I unsubscribed from a local birding listserv awhile ago. For some reason, I started receiving emails again and took it as a sign when someone reported seeing a long-tailed duck about six blocks from my home. I'd seen one before, but it was years ago in a Wisconsin sewage pond. As a matter of fact, it was so long ago, I think the bird was called by its old name: the oldsquaw.
Non Birding Bill and I have a low-key attitude towards the holiday. We do Naked Thanksgiving: no dressing, pie for breakfast, and showing our gratitude. I read the email that someone had spotted the long-tailed duck this morning at Lake Calhoun--within walking distance of our home and a periodic bike ride for us.
So, we broke tradition, put on some clothes and headed over--I made sure to take along a flask of scotch, partially for Bill and partially for a toast if we saw the bird. We went to the northeast side of the lake. That was where it was last reported. We found lots of ducks, but no long-tailed duck. I scanned the lake and noticed lots of birders scattered about the shore. I then noticed a flock of hooded mergansers and goldeneyes on the south side. We headed over. I scanned a bit and then NBB went back to the car. I ran into local birder Jim Ryan (who is a regular of Birds and Beers) and he was with another local birder named Dave (can't remember his last name). We scanned and admired the waterfowl but found no long-tail. Jim mentioned he saw an odd duck earlier but it took off. He mentioned that he thought it might go to nearby Lake Harriet and he was going to head over. I wondered if I had enough scotch for NBB, so I could pursue the duck.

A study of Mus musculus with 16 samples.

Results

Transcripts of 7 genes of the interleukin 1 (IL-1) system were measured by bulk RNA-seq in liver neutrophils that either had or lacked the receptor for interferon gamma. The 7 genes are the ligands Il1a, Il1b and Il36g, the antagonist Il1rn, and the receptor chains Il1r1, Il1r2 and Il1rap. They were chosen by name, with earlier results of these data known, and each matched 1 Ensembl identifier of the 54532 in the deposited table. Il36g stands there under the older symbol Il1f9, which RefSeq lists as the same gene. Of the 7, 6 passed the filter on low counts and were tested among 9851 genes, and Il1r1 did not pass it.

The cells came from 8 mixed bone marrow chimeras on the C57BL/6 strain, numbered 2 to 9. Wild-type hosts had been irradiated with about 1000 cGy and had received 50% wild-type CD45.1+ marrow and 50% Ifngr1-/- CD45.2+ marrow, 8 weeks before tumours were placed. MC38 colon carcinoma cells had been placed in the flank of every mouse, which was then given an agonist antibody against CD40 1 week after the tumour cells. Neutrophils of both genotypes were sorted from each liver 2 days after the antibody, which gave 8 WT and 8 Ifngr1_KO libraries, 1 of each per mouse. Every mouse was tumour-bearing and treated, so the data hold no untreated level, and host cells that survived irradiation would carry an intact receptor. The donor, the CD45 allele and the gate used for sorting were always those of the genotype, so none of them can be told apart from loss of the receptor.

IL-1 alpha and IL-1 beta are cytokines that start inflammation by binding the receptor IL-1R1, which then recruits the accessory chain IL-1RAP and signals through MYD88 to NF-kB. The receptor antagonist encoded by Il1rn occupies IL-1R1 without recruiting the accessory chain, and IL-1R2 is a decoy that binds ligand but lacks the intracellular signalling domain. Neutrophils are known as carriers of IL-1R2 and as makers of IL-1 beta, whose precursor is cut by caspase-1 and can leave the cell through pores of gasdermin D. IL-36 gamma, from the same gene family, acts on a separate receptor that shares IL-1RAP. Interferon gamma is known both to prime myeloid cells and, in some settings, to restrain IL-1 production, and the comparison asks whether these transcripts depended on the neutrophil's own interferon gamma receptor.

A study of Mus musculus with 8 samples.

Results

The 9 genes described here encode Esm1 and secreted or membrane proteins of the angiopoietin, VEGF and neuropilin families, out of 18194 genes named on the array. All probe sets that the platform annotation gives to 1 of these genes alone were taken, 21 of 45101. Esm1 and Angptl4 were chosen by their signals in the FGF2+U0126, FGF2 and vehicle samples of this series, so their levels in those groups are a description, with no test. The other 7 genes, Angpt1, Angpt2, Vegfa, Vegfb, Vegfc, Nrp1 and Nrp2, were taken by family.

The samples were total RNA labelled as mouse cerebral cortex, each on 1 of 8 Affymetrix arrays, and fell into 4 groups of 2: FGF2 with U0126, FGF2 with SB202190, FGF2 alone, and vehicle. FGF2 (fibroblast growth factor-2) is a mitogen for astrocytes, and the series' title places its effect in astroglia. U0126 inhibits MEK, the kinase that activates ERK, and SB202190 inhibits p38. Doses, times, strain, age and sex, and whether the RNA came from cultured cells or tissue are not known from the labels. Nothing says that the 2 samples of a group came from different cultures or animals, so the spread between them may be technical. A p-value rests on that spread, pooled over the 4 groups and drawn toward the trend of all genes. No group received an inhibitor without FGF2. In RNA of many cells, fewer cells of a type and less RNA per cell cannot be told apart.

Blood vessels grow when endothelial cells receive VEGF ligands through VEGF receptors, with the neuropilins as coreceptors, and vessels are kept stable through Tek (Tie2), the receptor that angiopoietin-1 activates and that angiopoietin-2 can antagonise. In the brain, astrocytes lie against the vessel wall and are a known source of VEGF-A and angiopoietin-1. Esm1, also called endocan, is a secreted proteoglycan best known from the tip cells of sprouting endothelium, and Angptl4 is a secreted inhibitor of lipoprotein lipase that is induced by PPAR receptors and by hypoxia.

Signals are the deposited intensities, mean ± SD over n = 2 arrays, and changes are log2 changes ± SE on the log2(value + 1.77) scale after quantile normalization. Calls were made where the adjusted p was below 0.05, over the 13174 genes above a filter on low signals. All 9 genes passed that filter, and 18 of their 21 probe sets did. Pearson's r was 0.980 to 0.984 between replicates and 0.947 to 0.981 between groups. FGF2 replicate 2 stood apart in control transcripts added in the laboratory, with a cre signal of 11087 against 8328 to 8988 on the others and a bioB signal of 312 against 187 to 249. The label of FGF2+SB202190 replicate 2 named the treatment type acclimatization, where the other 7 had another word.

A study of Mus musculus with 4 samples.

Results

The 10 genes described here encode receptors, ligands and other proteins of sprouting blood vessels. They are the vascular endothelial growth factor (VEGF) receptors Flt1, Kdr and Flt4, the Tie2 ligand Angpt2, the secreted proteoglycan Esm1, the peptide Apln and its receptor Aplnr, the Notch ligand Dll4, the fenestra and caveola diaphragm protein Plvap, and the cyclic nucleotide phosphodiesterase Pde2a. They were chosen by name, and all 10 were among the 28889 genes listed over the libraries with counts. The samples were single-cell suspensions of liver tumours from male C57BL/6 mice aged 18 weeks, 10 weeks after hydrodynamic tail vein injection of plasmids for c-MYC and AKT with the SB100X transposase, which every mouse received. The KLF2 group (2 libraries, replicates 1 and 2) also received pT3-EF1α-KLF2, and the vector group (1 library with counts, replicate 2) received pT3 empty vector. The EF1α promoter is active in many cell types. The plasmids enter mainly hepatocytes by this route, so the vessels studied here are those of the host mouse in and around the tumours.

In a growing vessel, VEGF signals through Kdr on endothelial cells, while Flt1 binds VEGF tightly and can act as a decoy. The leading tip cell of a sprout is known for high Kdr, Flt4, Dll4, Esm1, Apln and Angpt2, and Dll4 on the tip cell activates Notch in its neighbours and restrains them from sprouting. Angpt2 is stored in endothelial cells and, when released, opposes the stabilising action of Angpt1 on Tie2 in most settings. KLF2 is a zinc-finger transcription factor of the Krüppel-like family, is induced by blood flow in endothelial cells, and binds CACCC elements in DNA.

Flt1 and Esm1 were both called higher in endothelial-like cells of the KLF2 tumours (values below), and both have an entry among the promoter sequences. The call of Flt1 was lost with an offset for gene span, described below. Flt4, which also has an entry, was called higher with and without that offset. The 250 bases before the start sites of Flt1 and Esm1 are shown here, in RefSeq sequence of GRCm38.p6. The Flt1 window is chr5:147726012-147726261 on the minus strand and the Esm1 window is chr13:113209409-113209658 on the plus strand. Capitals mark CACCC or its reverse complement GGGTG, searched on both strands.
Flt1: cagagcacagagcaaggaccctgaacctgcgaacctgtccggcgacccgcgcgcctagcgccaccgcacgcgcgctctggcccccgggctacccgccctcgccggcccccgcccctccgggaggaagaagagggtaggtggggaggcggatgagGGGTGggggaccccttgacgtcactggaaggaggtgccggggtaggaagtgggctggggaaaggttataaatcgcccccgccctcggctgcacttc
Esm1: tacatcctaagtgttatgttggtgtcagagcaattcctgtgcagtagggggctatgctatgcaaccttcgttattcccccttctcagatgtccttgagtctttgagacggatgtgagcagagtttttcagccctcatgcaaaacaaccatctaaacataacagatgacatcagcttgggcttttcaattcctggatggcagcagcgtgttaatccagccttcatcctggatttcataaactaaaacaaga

Just as Jim and I were about to enter our vehicles, Dave called us over--weird duck flew in with some other waterfowl. Jim and I hustled over and sure enough...
There it was. On the left is a hooded merganser, on the right is the long-tailed duck. The long-tailed duck breeds in up in the arctic. After breeding, the ducks migrate to either coast or even to the great lakes. This bird is far from either coast and far south of Lake Superior, not sure how it got here or how long it will stay, but it was treat so close to home.
It didn't stay near us long. There was a lot of traffic on Lake Calhoun--sail boats, kayakers, fishermen. The long-tailed duck appeared to be nervous and soon flew off, perhaps searching for a less boat heavy part of the lake. There were also quite a few walkers, joggers and rollerbladers around the lake. One woman stopped to see what we were looking at and I showed her. She asked if the ducks were here because the lake was heated. Apparently, someone told her that lakes in Minneapolis stay open because the city heats them. We laughed and told her that someone fed her quite a line.
I sent NBB a text that we had the bird (he decided to wait in the car where it was heated while I searched for the long-tailed duck). He came down with the flask and all of us, including the woman who asked what we were doing had a celebratory sip of 18 year old scotch for such a great bird on Thanksgiving Day!
NBB and I returned home and resumed our gratitude.